Fears of Conflict May Have Led to Officials' Hands-Off Enron Approach

Enron management's pleas for government intervention fell on deaf ears in the Bush administration despite comparisons to a 1998 government bailout of a collapsing hedge fund for wealthy investors.

As energy giant Enron struggled to maintain its credit rating last fall, Chairman Kenneth Lay phoned Treasury Secretary Paul O'Neill and raised the example of government intervention in the case of hedge fund Long-Term Capital Management, O'Neill said.

LTCM, a fund by U.S. and European banks and brokerage houses, was pulled out of dire straits when the Federal Reserve stepped in and orchestrated a $3.6 billion rescue in 1998, the same time that Asia was teetering on its own financial crisis.

Fed Chairman Alan Greenspan has said the central bank acted on LTCM to avert potential damage to the U.S. and world economies. The banks and brokerage firms lending to the fund could have faced huge losses, and there could have been panic selling and losses for other investors.

Analysts argued that the same is not true of Enron, whose Dec. 2 bankruptcy is the nation's largest. Thousands of investors lost their retirement savings and entire stock portfolios but O'Neill and Commerce Secretary Don Evans decided not to intervene — or even place a call to President Bush because there would be no strong ripples through the overall U.S. economy, they have said.

Lay also contacted Greenspan about Enron's troubles. In this case, the Fed chairman decided to do nothing.

But the disclosures of Lay's requests for intervention have left the Bush administration in a damned-if-they-do, damned-if-they-don't situation

Since Bush has been the biggest recipient of campaign donations from Lay, some analysts have said fears of a conflict of interest involving a big Bush donor may have led to the inaction. Others argue that intervening to help Enron creates "an appearance problem that would make any action — legitimate or not — questionable."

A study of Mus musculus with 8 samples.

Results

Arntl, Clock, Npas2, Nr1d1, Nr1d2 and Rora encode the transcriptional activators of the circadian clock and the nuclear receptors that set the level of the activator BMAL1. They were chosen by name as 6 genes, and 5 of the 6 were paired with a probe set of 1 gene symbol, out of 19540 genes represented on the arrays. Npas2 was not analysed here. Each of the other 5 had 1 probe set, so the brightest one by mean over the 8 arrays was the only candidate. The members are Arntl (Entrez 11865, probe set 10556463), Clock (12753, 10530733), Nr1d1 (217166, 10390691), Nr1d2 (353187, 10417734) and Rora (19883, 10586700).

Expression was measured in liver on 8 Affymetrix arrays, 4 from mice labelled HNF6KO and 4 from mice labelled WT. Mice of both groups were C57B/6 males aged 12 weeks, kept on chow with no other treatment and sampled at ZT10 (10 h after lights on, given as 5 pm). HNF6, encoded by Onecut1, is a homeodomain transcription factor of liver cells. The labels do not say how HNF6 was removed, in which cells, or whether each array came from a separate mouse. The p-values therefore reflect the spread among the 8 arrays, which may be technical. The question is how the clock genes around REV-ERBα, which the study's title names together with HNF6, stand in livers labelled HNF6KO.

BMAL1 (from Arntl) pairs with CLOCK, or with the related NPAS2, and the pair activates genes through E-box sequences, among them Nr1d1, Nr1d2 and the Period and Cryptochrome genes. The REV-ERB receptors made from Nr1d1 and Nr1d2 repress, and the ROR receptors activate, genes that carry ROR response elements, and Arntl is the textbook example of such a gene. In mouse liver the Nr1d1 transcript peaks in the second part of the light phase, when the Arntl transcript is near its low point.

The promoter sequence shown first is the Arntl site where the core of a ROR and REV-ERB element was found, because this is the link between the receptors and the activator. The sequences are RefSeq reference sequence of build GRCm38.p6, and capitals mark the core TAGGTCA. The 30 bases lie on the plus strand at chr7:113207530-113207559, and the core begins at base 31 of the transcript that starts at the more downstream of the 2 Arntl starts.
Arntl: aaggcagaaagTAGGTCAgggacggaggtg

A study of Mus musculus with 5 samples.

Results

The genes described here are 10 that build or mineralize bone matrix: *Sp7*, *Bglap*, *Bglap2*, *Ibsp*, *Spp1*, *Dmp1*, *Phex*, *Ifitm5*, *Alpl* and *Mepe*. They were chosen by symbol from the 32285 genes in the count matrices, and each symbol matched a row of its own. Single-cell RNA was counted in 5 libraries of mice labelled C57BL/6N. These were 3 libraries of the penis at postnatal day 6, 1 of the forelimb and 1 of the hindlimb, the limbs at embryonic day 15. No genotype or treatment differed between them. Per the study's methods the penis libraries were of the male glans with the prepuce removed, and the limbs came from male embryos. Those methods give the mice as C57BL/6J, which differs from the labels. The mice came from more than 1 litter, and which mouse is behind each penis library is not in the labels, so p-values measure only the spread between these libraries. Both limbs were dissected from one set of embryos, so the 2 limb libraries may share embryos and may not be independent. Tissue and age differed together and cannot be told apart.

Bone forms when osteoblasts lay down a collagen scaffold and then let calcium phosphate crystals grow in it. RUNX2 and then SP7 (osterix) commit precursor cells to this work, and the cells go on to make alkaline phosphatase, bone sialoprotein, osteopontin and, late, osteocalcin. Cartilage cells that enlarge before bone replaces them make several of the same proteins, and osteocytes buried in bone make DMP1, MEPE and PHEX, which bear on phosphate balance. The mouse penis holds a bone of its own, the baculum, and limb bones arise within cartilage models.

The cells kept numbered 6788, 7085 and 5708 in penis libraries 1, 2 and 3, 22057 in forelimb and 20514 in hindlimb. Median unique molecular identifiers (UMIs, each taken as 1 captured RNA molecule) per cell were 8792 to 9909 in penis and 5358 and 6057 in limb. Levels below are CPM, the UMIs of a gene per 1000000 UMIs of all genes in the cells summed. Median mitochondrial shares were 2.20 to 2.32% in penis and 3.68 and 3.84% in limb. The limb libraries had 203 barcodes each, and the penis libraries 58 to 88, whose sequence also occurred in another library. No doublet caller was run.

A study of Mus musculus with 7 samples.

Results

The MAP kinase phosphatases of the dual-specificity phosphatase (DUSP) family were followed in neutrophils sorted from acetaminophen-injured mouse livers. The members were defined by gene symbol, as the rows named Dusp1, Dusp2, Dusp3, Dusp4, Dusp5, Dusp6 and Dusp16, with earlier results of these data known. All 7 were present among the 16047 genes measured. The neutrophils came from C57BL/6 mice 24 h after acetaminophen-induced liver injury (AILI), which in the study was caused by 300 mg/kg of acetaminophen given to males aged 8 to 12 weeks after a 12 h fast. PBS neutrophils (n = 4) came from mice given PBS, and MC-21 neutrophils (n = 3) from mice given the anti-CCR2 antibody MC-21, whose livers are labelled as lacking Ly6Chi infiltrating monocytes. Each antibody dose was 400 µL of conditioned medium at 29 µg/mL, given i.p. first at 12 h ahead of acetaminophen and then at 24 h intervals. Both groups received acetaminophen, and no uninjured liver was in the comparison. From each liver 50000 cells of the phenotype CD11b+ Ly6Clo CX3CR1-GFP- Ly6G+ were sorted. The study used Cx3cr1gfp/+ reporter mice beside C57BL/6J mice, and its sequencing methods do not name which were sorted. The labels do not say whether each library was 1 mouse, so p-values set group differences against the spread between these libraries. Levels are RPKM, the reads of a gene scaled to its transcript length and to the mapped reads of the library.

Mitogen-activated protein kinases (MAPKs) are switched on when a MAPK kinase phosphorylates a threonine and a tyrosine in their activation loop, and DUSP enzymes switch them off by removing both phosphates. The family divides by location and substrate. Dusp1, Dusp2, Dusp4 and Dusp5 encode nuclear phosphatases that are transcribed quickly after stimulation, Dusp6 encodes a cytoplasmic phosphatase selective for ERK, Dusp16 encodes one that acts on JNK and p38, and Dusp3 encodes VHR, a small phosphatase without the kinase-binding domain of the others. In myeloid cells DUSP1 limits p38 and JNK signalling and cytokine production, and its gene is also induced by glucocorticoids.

Given the magnitude of the troubles at Enron, "I think they [administration officials] had an obligation to be public about the controversy," said Paul Light, director of government studies at the Brookings Institution, a think tank.

The White House should have disclosed the Enron phone contacts to the press immediately, Light suggested.

"The appearance would have looked terrible," said Bill Allison, an official at the Center for Public Integrity. "They felt that they couldn't act on behalf of Enron because of the political fallout."

But David Ruder, chairman of the Securities and Exchange Commission between 1987 and 1989, said administration officials did the right thing by not acting.

"It seems to me that they made the right call," Ruder said.

In either case, White House spokesman Ari Fleischer said the White House would no longer discuss every conversation between Enron officials and White House staff unless there are "real and specific questions."

"If people want to know every contact with anybody about anything, that is a fishing expedition," Fleischer said.

Evans said Sunday he had discussed calls from Enron's chairman with O'Neill, who also had been contacted, and later told Andrew Card, White House chief of staff, but that Card never informed the president.

Enron was the nation's seventh-biggest company in revenue, and its collapse has hurt both individual investors and big pension funds around the country. Florida's fund, for example, has lost more than $300 million. Also roiling the financial system was the impact on major banks, which had loaned billions to the high-flying company that had been a darling of Wall Street and viewed as a technological innovator.

The Associated Press contributed to this report.